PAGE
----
In this new video from the Avant/Garde Diaries, Atkins takes you through the urbanscape of a “postindustrial city” that he calls “cold and bleak”, but one that has never stopped acting as a muse for creatives like himself.
“We wake up and look at this everyday, and it effects how I make my music and how I make my art … that’s the beauty of the decay, it gives you creative energy,” he says.
As an added ethereal bonus, the video’s soundtrack is by Atkins himself.
Archeologists can now prove the Vikings made landfall in the Americas hundreds of years before Columbus reached the Bahamas.
This week, the National Gallery of Art finally acquired a major work by Faith Ringgold, the director of The Velvet Underground talks film, North America’s Hindu Nationalist problem, canceling legacy admissions, and more.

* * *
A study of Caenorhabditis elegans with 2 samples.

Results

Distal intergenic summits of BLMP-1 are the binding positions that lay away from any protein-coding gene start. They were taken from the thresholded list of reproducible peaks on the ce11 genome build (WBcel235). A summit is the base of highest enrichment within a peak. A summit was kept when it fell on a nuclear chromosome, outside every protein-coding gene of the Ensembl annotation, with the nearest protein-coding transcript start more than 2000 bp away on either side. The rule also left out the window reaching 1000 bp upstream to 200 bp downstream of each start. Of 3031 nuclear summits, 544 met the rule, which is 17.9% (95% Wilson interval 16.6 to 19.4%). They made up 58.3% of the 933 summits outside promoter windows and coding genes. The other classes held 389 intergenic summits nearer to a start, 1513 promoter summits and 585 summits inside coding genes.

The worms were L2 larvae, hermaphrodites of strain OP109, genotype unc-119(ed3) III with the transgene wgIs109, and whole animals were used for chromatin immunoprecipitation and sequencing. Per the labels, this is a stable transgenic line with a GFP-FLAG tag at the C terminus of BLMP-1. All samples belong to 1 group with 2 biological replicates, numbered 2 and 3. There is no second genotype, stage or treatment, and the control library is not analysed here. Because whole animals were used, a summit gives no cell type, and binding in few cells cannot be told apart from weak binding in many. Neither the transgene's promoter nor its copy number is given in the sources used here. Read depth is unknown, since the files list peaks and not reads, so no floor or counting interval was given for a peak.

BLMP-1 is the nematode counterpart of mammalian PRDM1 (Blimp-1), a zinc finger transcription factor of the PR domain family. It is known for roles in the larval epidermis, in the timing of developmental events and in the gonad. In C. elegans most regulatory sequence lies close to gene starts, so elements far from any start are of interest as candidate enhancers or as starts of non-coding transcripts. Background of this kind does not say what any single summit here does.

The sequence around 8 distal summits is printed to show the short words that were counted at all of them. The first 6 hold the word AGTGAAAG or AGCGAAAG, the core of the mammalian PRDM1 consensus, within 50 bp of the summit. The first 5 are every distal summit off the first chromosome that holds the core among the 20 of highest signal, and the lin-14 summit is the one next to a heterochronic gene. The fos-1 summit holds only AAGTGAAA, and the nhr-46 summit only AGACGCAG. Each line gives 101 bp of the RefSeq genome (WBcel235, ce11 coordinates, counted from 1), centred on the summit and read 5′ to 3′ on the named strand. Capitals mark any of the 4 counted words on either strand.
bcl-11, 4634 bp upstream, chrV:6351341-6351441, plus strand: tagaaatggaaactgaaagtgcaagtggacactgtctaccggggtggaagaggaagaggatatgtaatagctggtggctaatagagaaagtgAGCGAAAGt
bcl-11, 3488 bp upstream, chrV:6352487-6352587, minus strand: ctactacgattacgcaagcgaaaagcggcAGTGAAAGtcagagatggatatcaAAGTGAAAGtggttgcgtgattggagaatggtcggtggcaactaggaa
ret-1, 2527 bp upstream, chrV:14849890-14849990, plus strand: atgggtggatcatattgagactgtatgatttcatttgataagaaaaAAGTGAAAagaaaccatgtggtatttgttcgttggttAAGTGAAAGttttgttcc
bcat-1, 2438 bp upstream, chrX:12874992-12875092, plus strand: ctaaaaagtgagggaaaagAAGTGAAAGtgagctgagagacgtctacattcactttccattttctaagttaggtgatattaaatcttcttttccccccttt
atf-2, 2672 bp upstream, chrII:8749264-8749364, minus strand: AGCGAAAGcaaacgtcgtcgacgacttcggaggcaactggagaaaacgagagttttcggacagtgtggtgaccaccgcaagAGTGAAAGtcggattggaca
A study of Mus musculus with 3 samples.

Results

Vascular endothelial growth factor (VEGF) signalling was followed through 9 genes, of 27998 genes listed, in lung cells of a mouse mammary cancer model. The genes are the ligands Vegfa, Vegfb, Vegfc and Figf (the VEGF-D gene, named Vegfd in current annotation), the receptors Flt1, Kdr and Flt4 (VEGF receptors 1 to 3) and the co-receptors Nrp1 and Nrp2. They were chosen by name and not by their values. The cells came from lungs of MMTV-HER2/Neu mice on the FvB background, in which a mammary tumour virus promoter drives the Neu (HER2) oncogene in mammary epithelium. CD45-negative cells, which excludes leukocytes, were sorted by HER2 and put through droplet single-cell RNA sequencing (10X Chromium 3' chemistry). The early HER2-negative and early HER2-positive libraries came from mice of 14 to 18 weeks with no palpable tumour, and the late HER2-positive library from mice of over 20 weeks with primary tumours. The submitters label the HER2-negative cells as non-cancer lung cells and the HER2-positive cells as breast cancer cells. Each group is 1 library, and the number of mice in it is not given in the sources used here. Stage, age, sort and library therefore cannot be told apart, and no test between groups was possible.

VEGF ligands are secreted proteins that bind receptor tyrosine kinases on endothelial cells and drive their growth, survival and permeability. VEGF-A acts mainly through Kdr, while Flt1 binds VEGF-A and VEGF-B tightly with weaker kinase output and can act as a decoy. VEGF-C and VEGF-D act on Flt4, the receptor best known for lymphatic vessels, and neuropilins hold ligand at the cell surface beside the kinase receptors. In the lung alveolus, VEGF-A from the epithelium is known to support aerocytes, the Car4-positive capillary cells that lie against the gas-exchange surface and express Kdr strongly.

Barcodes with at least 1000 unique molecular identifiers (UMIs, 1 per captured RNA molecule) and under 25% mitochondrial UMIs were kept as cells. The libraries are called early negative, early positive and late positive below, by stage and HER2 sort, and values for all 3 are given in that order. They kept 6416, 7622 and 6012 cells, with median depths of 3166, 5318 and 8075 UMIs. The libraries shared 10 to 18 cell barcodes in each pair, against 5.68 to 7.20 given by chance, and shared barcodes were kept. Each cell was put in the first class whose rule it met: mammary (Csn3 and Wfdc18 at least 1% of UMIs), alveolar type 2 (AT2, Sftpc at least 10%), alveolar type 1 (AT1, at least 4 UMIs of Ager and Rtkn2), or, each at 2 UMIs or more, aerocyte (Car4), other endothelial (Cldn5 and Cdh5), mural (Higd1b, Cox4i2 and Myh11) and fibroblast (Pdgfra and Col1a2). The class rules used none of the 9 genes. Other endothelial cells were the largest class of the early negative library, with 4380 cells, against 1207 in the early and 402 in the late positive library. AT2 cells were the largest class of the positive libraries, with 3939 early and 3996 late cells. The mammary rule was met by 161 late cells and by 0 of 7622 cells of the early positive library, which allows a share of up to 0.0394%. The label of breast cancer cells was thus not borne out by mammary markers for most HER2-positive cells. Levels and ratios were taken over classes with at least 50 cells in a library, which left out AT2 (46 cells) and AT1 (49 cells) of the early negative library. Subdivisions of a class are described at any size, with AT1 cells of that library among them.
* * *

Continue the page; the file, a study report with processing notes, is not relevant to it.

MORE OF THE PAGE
No Vacancy, curated by Jody Graf, will be on view from October 26 through November 8 at the school’s Kellen Gallery in New York City.
Sculptures of Oaxacan alebrijes, envisioned as guardians of the nation’s immigrant community, and catrinas, Day of the Dead skeletons, are now at Rockefeller Center.
“I am trying to keep the immediacy of my emotional experience while I’m painting.”
Art by Athena LaTocha, Wendy Red Star, Marianne Nicolson, Anita Fields, Jaune Quick-to-See Smith & Neal Ambrose-Smith, and more is on view through January 2022.
The intention behind the seemingly bizarre combination was, according to Attie, “to give visual form to the shared American and Brazilian reality of nationalistic divisions that defines our political present.”
Nowhere in the museums’ advertising blitzkrieg for the performance were we told to bring our wildfire-season masks as well as our covid masks, and covid masks don’t prevent smoke inhalation.